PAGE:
This year the first group of students from Zambia arrived in Israel to participate in the Agrostudies internship. While beginning their practical internship at Mehadrin farms, they were later transferred to the Rehovot Institute of Agriculture, where they are closely monitored by lecturers from the Hebrew University alongside their Israeli colleagues.
They specialize in breeding different strands of tomatoes including cherry tomatoes, beef tomatoes and cluster tomatoes.
Harad Lungu, a Zambian student currently undergoing the internship described some of what they learned these past months:
“After growing the tomatoes, we take them to the lab at the center where we cut them and extract the seeds, then we dry them, pack them and export them to different markets. This type of information is really crucial for us in Zambia, where every meal includes tomatoes“.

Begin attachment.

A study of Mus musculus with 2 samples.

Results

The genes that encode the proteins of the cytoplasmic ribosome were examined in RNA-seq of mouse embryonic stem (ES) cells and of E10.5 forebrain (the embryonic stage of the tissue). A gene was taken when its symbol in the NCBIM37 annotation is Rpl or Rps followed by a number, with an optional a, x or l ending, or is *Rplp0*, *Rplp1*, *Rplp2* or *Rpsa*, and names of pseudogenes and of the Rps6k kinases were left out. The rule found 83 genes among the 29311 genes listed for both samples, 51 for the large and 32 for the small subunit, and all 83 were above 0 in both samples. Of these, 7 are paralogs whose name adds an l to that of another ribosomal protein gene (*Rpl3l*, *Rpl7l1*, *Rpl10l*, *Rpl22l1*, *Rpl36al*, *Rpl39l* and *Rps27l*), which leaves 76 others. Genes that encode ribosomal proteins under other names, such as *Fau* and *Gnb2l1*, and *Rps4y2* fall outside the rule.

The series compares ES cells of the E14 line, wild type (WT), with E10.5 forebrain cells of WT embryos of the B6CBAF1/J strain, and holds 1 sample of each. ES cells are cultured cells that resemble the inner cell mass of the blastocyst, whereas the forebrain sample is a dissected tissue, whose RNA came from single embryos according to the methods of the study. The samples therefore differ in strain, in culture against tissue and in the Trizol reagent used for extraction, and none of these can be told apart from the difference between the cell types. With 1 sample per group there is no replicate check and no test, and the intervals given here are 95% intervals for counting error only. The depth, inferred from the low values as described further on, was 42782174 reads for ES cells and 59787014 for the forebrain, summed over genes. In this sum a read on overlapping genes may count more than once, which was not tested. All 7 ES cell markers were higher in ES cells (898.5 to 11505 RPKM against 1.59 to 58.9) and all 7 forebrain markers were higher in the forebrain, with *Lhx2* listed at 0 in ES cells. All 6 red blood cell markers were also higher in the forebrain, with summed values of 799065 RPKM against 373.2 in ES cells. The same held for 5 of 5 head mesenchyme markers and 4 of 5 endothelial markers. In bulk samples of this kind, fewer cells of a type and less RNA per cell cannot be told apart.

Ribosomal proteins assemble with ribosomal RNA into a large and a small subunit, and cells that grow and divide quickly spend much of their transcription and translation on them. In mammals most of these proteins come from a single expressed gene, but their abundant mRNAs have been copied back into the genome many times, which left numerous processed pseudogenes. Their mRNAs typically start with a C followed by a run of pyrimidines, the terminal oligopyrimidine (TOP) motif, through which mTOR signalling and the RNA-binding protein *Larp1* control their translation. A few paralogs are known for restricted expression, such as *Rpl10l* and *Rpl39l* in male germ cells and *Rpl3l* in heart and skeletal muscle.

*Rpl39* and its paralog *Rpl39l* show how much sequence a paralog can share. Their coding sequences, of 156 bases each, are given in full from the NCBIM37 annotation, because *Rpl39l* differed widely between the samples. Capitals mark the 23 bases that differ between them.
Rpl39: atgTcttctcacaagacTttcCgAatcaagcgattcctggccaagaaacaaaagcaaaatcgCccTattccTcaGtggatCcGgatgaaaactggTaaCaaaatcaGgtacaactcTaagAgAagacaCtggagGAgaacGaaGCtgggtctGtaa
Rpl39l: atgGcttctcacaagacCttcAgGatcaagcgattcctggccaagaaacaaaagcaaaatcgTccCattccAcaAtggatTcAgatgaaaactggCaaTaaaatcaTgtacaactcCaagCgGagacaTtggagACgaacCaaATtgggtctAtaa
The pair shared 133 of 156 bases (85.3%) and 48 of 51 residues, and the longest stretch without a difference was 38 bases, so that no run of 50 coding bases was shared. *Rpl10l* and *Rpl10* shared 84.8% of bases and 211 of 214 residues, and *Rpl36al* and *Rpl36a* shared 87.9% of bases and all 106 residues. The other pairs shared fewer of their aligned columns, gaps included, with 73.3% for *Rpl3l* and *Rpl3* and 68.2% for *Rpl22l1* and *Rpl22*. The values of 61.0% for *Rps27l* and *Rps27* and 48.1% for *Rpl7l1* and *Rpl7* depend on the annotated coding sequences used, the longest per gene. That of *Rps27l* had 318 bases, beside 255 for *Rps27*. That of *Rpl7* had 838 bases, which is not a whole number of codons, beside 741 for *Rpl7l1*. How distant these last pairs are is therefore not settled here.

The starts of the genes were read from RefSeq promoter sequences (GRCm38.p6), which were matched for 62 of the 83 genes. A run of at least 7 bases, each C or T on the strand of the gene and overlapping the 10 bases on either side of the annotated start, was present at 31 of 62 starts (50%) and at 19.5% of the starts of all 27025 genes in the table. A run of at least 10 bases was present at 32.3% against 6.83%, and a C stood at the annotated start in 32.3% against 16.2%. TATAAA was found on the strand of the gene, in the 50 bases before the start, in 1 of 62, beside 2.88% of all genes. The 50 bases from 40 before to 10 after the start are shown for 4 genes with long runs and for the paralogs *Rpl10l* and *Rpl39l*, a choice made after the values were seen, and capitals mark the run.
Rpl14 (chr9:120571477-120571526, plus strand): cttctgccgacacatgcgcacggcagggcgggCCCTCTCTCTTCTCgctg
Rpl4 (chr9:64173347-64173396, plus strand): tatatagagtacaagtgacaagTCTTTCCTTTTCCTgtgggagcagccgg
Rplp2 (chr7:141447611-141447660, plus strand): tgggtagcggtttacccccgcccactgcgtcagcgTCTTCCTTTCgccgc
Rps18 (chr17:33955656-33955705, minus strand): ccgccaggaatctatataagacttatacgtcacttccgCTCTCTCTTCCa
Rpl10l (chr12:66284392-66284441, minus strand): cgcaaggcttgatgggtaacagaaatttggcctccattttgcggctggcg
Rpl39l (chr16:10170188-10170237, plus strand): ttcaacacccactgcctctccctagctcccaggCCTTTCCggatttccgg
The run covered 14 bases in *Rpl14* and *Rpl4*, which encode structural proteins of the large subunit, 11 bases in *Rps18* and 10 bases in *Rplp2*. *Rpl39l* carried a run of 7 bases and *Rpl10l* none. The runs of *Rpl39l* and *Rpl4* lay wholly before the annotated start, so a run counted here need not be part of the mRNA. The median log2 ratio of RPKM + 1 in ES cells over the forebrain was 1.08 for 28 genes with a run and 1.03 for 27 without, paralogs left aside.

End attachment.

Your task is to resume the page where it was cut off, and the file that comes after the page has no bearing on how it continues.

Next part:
The information does in fact exist in theory in Zambia, where it is learned at Universities. However, they lacked the practical aspects, which were richly supplemented during their time in Israel. “The practical aspects here have been very intense and we now feel ‘fully baked’“.
A small Zambian community resides in Haifa and when they learned of the students’ presence here in Israel they were invited by Mr. Chuungu Malitonga, a member of the international governing council of the Bahá’í Faith (Universal House of Justice), for a visit and a tour of the Bahai gardens, a prominent religion in Zambia.
Their tour also included traditional Zambian food which they had already begun to miss and a meeting with Dr. Joyce Miti, a Zambian national, and an official of the Food and Agricultural Organization of the United Nations, based in Acra, Ghana, who happened to be on a private visit to Israel at the time of the students’ visit.
In summary, I asked Harad how he feels about his experiences in Israel, now that the final days of the internship are approaching, and as the first emissaries from his country, and he summed it up, saying:
“It was a good experience. Ups and downs here and there, but we are near the end and I really hope that it will be beneficial back home (the graduation certificate). We don’t know what’s in store for us since we are the first, and we look forward to seeing what happens.”